Image courtesy of NBC News
By Justin Lamoureux
The state of Michigan is no stranger to political unrest. Between Black Lives Matter protests, and considerable dissension over the government response to the COVID-19 pandemic, the Wolverine State has become “ground zero” in an ideological battle that has shaken the entire country. This perception was solidified last week after the FBI revealed they had arrested over a dozen individuals for plotting to kidnap Democratic Governor Gretchen Whitmer.
This cohort included members of various right-wing militia groups, including at least seven who affiliate with an organization known as the “Wolverine Watchmen.” Historically, state officials have accused the group of targeting law enforcement in their attacks, and threatening to “instigate civil war.”
According to The Detroit News, the men behind this plot had been coordinating since June. Some of their meeting locations included a Second Amendment rally in Lansing and the basement of a Grand Rapids vacuum repair shop, which they accessed through a secret door. Over the course of several months, the group developed plans to kidnap Whitmer and overthrow the government; they hoped to accomplish the latter with a full-blown invasion of the State Capitol, even if doing so involved taking hostages.
Six members of the group spearheaded the operation, largely in response to Whitmer’s stringent coronavirus restrictions. The men lambasted her as a “tyrant” and expressed a mutual desire to create a “self-sufficient” government, free from what they contrived as the “unconstitutional” influence of the state itself.
According to the filing federal court, the militias had conducted surveillance on the governor and her family at their personal vacation home in northern Michigan (from which they had plotted to abduct her) on two separate occasions. They had also contemplated smuggling her to neighboring Wisconsin, where she would “stand trial” for treason at a “secure location” prior to the November election.
Prominent lawmakers from both major parties offered their commentary after charges were revealed. Whitmer herself condemned President Donald Trump for ineffectively condemning far-right militias like the ones that orchestrated her prospective kidnapping; at the last debate, the president told the far-right Proud Boys to “stand back and stand by.”
Trump, on the other hand, has criticized Whitmer harshly over the past several months as she has worked to control the spread of COVID-19 in her state. He has referred to her as “That Woman From Michigan” and “Half-Whitmer,” even urging supporters to “Liberate Michigan!” after critics equipped with military-style rifles were seen protesting her response to the pandemic.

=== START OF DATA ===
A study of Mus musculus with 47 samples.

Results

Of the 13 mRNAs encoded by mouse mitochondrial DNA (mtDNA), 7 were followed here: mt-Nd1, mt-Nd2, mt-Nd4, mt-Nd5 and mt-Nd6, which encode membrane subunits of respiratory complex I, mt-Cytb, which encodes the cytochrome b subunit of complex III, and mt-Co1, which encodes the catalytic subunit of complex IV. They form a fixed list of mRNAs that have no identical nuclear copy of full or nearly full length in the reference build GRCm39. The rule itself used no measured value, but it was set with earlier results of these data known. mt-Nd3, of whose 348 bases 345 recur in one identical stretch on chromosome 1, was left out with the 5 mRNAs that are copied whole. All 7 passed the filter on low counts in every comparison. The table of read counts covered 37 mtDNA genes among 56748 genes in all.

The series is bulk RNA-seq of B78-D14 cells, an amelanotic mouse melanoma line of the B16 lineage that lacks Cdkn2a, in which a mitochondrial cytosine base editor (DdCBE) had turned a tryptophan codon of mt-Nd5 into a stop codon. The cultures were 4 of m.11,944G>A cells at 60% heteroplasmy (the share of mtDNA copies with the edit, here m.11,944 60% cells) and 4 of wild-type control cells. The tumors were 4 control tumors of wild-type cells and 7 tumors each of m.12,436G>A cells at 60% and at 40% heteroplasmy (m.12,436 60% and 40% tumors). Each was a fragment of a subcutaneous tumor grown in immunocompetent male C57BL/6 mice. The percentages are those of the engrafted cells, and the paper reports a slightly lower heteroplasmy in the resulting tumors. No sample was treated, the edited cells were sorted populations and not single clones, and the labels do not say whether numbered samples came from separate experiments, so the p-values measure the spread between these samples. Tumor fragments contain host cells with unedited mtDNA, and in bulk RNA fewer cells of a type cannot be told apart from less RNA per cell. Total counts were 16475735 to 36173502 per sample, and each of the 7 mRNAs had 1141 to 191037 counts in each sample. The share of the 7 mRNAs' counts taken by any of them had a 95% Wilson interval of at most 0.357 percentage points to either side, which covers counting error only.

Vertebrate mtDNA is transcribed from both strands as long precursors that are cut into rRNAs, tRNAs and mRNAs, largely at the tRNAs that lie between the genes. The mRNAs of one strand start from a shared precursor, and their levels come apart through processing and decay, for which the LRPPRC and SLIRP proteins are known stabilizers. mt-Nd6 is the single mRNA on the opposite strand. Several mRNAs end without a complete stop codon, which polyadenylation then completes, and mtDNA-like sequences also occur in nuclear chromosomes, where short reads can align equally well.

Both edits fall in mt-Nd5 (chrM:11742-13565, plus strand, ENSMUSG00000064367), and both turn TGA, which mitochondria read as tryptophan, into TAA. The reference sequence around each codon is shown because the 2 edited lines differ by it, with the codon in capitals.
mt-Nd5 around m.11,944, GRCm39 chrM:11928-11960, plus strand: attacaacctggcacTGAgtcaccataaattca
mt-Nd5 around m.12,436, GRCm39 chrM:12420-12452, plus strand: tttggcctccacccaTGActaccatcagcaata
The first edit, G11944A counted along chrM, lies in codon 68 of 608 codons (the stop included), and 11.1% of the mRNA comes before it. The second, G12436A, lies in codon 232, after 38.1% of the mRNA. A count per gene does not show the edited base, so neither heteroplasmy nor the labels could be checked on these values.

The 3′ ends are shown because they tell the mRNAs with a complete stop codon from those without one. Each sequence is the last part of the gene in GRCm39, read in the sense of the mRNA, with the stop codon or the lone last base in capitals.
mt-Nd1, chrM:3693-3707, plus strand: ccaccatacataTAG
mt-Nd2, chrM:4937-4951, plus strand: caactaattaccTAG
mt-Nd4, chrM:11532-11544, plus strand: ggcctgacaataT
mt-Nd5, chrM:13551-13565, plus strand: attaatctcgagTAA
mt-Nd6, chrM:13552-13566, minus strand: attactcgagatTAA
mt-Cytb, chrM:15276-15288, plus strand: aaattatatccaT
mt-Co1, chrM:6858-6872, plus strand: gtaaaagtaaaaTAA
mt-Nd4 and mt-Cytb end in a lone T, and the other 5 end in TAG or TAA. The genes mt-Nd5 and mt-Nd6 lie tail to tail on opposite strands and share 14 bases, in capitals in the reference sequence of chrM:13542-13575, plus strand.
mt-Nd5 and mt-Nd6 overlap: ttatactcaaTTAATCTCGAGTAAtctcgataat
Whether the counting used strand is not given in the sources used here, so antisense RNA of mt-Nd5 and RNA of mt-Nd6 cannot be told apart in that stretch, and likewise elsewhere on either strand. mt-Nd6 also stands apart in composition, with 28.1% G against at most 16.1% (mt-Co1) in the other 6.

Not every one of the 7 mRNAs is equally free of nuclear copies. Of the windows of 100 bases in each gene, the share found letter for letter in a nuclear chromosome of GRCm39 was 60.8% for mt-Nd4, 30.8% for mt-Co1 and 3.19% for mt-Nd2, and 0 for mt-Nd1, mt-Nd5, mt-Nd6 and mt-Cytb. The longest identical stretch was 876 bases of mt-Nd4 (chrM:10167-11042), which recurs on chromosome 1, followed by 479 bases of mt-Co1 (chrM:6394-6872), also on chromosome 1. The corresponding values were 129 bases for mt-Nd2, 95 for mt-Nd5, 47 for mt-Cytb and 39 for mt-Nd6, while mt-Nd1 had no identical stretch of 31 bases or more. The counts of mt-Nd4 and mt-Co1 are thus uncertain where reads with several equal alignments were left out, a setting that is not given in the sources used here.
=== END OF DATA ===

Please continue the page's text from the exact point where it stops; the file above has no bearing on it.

Accordingly, Republicans in the Michigan State Senate have responded in a more abrasive manner. Republican House Speaker Lee Chatfield sent Whitmer a pointed letter on Saturday, in which he criticized her for not informing lawmakers of the plot, which he claims was “against us, too.”
A Republican State House candidate, Paul Smith, even alleged the plot was a “totally bogus sham,” and charged that “these citizens never did anything illegal. Law enforcement is employed to punish people who COMMIT crimes, not people the Governess simply HATES.”
Sheriff Dar Leaf, of Barry County in Western Michigan, was also dismissive of the plan. In a television interview Thursday, he voiced suspicion that it might have simply been a “citizen’s arrest.” Leaf has been extremely critical of Whitmer’s lockdown orders, even sharing the stage with State Senate Majority Leader Mike Shirkey (a Republican) at an anti-lockdown rally back in May.
State Attorney General Dana Nessel offered a more ominous assessment, telling MSNBC’s Katy Tur that “this may very well be the tip of the iceberg.” Nessel, a Democrat, expressed concern that many law enforcement officials (including county sheriffs, like Leaf) have become involved with militia groups, and warned that “dangerous individuals” like those who planned to kidnap the governor are still out there. “That’s why I think it’s so important that our elected leaders tone down the rhetoric, [and] make it clear once and for all… that they do not condone and they actually condemn these individuals and this type of conduct and these types of organizations,” she says.
So, what can this development teach us? For starters, it reflects the incredibly deep ideological divisions which have come to plague our political system in recent years: irregardless of party identity, when lawmakers cannot unequivocally condemn a plot to kidnap a high-profile government official, that sends a very unnerving message about the state of affairs in government. Essentially, the most polarizing factions of the left and right have created two conflicting visions of America, and Michigan is a microcosm of that.
This also encapsulates a very dismal premonition about the future of American society. While it remains unlikely that any government officials will be kidnapped, it shows the extent to which extreme political factions (i.e. “fringe groups”) might go to fulfill their agenda. Nobody truly knows what these individuals are capable of… or the ethical boundaries of lawmakers’ tolerance for their “protest” or activities.
Given how much unrest has come to permeate the inner linings of our nation, one could easily argue that everything slated to happen over the next few weeks will determine more than just who occupies the Oval Office, or halls of Congress; it may determine America’s destiny, too. Granted, the jury is still out regarding what the future holds, but chances are, Attorney General Nessel is right – this is only the tip of the iceberg.